Unglazed earthenware with polychrome
12 × 42 × 42 in. (30.48 × 106.68 × 106.68 cm)
Gift of Mr. and Mrs. Richard W. Cutler M2003.73
Photo credit: John R. Glembin
Not Currently on View

The aristocracy of ancient China supplied their elaborate tombs with food, furniture, clothing, and companions and servants, so that all necessities and pleasures would accompany them in the afterlife. During Shang times (1523–1028 BC), people and animals were killed and interred with their owners in a practice known as immolation. But by the fourth century BC, pottery figures (ming-ch’i) were used instead—a change that led to the production of mortuary ceramics like this Han dynasty Barnyard. The work reflects the period’s interest in the development of agriculture and animal husbandry. Its large size and careful detailing of a sow and five piglets, a goat, dog, rooster, and even a woman cooking on an open stove indicate that it was commissioned by a wealthy family who wished the deceased to be well provisioned.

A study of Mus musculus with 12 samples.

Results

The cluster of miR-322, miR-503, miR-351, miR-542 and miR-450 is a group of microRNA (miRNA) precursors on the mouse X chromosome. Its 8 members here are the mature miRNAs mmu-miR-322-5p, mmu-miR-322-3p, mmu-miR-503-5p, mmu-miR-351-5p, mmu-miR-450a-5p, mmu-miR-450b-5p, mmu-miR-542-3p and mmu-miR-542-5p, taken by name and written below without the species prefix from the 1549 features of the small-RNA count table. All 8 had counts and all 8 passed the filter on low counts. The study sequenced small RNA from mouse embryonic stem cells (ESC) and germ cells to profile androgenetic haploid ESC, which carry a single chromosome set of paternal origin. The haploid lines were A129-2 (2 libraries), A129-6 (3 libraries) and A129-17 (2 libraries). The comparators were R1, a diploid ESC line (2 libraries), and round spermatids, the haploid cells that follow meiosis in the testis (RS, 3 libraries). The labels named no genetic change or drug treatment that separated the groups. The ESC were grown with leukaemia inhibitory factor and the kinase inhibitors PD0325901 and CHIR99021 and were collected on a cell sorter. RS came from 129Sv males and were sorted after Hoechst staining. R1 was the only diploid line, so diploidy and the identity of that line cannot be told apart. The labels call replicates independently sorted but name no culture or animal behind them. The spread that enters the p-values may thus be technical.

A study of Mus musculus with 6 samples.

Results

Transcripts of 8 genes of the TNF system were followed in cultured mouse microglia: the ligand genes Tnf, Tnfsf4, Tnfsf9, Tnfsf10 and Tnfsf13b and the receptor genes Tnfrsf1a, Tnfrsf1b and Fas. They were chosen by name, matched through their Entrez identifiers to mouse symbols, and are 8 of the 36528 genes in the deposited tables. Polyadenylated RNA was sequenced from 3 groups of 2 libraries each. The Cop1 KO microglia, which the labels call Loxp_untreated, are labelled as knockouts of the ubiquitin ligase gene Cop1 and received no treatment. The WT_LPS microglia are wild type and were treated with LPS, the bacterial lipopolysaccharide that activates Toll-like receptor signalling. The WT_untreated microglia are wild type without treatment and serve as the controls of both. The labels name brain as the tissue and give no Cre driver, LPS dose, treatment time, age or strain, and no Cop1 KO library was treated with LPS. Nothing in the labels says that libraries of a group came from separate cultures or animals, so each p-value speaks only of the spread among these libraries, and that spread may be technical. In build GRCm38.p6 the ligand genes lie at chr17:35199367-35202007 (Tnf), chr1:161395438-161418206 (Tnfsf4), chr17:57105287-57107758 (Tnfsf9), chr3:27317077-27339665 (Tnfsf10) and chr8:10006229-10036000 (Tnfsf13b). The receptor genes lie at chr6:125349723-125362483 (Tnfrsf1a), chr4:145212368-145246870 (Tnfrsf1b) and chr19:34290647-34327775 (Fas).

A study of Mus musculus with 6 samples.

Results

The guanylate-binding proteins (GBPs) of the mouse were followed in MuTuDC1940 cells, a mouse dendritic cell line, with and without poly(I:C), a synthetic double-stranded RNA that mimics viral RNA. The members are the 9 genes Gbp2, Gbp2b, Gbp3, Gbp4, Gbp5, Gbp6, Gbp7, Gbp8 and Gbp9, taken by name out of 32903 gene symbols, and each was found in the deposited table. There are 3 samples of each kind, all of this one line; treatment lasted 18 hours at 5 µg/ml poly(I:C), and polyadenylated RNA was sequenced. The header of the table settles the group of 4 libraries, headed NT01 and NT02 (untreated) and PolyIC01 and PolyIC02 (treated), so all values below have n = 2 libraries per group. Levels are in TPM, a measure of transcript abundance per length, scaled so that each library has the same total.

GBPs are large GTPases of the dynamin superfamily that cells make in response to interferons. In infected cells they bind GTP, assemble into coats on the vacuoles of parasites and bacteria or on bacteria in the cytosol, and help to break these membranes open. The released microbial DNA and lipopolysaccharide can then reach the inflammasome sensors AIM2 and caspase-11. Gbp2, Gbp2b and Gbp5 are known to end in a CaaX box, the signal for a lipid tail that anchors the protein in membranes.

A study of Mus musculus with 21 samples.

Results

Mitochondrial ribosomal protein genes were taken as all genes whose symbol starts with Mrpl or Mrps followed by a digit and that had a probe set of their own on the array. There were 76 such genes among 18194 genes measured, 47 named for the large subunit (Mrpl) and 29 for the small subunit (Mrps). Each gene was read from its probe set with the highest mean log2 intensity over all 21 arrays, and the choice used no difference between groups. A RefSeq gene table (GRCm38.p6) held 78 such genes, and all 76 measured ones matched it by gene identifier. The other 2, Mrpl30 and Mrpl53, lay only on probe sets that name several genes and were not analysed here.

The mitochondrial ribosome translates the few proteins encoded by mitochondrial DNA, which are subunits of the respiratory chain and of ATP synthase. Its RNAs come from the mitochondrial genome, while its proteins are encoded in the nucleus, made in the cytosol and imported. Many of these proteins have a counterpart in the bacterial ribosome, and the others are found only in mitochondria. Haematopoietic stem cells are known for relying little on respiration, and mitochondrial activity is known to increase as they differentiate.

Publication History
Kelly, Chelsea. Download the Kohl's Art Generation IPod Touch App! Milwaukee Art Museum: Under the Wings, September 11, 2011.

Andera, Margaret, Nonie Gadsden, Britt Salvesen, and Laurie Winters. Collection Guide: Milwaukee Art Museum. Milwaukee, Wisconsin: Milwaukee Art Museum, 2004, p. 66, 74, cat. 112, color illus. p. 66.

Milwaukee Art Museum News, January 2004, no page number, color illus.

This information is subject to change as the result of ongoing research.